European S-VOD subscribers to reach 50 million by 2020Wednesday, June 29th, 2016
European subscription video-on-demand subscribers to reach 50 million by 2020
New research from the EBU’s Media Intelligence Service shows that subscription video-on-demand (SVoD) subscribers in Europe grew 56% in just one year between 2014 and 2015, and are expected to reach 50 million homes by 2020.
The “Market Insights: SVoD in Europe” report shows that the biggest uptake is in the UK, Netherlands, Ireland and across the Nordic region. Currently, nearly 11% of all European households have a SVoD subscription. This number is anticipated to double by 2020 but is unlikely to reach levels seen in the USA, which remains the driver of global SVoD consumption.
The report highlights that competition in the SVoD market is also increasing rapidly. Netflix is the current undisputed leader with a 52% share of the market in the European Union, however Amazon is mounting a strong challenge. There are now also many other European groups entering the market including Vivendi (CanalPlay), Sky Plc (Now Tv) and ProSiebenSat.1 (Maxdome).The impact of the growth in the SVoD market on overall audiovisual consumption is still quite modest. For example in the UK SVoD viewing represents just 4% of total daily viewing or 11 minutes on average a day. In the Czech Republic it’s only 1%.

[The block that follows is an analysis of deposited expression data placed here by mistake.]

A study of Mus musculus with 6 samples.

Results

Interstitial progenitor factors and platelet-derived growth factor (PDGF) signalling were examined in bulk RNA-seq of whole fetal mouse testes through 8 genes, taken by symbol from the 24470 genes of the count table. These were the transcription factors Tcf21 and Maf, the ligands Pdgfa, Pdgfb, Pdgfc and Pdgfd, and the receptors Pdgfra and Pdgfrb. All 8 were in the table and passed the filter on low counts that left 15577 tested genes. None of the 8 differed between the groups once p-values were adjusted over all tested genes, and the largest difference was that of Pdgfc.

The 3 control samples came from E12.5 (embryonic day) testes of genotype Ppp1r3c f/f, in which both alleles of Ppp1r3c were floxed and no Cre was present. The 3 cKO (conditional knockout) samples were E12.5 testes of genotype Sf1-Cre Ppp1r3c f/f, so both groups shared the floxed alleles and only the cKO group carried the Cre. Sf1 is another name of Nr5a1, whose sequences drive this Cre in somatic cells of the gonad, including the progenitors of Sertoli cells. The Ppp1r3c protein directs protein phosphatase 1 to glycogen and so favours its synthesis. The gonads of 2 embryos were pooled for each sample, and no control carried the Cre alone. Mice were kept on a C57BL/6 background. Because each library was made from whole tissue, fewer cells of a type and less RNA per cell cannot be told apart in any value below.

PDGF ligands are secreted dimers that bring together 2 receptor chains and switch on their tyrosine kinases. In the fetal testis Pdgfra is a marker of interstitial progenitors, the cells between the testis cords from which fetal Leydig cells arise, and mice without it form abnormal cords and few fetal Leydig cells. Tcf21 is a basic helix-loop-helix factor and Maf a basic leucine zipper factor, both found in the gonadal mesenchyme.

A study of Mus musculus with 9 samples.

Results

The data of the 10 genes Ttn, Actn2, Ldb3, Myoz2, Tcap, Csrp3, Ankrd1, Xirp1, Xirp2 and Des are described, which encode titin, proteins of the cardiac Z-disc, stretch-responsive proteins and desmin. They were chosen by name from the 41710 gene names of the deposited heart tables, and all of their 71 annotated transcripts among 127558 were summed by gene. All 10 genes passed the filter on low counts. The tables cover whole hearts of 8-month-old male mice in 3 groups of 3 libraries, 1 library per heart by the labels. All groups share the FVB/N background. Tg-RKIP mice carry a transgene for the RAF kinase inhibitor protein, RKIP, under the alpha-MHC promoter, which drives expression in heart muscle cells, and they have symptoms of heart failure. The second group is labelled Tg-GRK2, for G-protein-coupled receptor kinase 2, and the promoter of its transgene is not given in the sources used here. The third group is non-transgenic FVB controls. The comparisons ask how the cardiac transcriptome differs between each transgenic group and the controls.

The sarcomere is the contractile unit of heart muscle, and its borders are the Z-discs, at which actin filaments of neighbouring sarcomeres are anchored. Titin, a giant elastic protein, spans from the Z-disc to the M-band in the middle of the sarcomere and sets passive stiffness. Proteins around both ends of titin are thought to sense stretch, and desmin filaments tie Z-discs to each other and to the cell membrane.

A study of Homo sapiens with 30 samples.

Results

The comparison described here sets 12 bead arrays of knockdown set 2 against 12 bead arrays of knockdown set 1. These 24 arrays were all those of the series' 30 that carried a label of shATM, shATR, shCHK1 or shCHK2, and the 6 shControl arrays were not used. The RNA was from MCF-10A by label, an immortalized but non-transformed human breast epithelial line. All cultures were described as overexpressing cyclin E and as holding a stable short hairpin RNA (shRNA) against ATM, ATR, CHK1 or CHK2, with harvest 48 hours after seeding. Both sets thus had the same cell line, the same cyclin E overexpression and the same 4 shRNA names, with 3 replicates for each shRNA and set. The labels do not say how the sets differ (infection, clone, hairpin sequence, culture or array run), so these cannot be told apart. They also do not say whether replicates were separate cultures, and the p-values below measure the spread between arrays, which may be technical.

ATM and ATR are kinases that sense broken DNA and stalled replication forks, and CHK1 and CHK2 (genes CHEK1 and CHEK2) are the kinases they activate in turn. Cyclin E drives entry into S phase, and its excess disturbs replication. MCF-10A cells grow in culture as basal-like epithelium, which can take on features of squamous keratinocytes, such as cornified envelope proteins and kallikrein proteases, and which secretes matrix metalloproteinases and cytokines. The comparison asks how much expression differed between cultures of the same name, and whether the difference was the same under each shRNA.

MIS’ research shows that free catch-up services, such as the BBC iPlayer and RAI Replay, remain the preferred way to access on demand content. 97% of EBU Members have a free catch-up video service.
Despite regulatory and financial constraints, several EBU Members are already embracing SVoD, either launching their own services or distributing their content on third-party platforms. For example, NPO (Netherlands) operates a joint initiative with commercial broadcasters RTL and SBS, and RTÉ (Ireland) last year launched RTÉ Player International to make Irish PSM content available to viewers abroad.
The report offers many more insights into the main SVoD providers and their catalogues, as well as consumption patterns and challenges for PSM and the media sector as a whole.